My friend, into whose hands I hope that all these manuscripts of mine will pass one day, of this one I have something to say to you.
A long while ago I jotted down in it the history of the events that it details with more or less completeness. This I did for my own satisfaction. You will have noted how memory fails us as we advance in years; we recollect, with an almost painful exactitude, what we experienced and saw in our youth, but the happenings of our middle life slip away from us or become blurred, like a stretch of low-lying landscape overflowed by grey and nebulous mist. Far off the sun still seems to shine upon the plains and hills of adolescence and early manhood, as yet it shines about us in the fleeting hours of our age, that ground on which we stand to-day, but the valley between is filled with fog. Yes, even its prominences, which symbolise the more startling events of that past, often are lost in this confusing fog.
It was an appreciation of these truths which led me to set down the following details (though of course much is omitted) of my brief intercourse with the strange and splendid creature whom I knew under the names of Ayesha, or Hiya, or She-who-commands; not indeed with any view to their publication, but before I forgot them that, if I wished to do so, I might re-peruse them in the evening of old age to which I hope to attain.
Indeed, at the time the last thing I intended was that they should be given to the world even after my own death, because they, or many of them, are so unusual that I feared lest they should cause smiles and in a way cast a slur upon my memory and truthfulness. Also, as you will read, as to this matter I made a promise and I have always tried to keep my promises and to guard the secrets of others. For these reasons I proposed, in case I neglected or forgot to destroy them myself, to leave a direction that this should be done by my executors. Further, I have been careful to make no allusion whatever to them either in casual conversation or in anything else that I may have written, my desire being that this page of my life should be kept quite private, something known only to myself. Therefore, too, I never so much as hinted of them to anyone, not even to yourself to whom I have told so much.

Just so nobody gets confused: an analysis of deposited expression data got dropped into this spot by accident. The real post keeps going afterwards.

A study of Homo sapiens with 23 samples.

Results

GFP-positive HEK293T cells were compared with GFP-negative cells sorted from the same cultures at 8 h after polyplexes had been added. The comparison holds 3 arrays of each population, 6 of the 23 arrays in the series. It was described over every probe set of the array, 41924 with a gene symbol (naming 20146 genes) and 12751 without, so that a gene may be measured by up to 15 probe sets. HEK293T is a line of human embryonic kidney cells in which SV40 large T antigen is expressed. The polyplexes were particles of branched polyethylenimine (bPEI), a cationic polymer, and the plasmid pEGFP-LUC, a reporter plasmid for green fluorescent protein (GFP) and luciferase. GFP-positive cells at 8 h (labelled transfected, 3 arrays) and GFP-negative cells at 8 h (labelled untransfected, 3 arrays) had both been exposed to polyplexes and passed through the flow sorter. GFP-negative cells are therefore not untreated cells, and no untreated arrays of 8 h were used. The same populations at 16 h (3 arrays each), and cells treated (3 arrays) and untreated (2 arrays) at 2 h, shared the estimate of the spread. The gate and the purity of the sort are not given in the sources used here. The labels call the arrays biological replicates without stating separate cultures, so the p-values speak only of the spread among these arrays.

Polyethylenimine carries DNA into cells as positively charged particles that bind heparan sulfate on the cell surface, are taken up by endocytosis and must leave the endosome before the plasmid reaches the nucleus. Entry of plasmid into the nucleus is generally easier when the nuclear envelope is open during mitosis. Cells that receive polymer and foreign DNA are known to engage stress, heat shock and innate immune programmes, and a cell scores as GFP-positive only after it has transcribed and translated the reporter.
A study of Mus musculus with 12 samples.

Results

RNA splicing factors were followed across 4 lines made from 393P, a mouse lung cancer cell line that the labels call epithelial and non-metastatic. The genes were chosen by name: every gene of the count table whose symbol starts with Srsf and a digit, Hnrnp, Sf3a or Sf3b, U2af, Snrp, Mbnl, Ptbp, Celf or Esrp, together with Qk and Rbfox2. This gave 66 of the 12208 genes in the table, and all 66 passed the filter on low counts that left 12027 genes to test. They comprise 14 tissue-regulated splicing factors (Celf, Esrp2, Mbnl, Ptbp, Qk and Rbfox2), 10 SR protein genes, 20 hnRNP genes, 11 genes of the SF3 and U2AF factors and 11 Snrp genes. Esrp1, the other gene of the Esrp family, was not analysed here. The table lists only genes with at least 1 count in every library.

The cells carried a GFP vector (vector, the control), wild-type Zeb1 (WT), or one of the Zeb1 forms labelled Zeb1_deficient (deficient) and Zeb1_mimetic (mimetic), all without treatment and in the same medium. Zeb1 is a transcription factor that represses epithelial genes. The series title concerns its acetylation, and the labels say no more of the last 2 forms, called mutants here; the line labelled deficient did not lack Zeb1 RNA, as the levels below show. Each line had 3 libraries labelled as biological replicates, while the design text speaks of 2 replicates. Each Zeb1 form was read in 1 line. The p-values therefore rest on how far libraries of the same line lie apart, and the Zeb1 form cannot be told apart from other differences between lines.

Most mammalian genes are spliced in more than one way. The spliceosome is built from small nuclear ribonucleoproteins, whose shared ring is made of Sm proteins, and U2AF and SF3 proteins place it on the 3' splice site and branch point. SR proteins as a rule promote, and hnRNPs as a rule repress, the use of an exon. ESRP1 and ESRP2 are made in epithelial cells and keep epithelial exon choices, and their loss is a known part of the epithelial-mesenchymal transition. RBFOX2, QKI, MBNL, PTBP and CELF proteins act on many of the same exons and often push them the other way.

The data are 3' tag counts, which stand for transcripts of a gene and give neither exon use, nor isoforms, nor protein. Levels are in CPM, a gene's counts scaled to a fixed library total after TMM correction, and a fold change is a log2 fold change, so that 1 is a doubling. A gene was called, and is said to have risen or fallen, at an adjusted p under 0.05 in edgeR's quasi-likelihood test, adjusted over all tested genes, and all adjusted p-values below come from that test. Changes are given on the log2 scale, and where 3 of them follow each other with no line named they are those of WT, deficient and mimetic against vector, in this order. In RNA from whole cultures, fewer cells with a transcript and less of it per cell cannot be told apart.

Well, I recorded the main facts concerning this expedition and its issues, simply and with as much exactness as I could, and laid them aside. I do not say that I never thought of them again, since amongst them were some which, together with the problems they suggested, proved to be of an unforgettable nature.
Also, whenever any of Ayesha’s sayings or stories which are not preserved in these pages came back to me, as has happened from time to time, I jotted them down and put them away with this manuscript. Thus among these notes you will find a history of the city of Kor as she told it to me, which I have omitted here. Still, many of these remarkable events did more or less fade from my mind, as the image does from an unfixed photograph, till only their outlines remained, faint if distinguishable.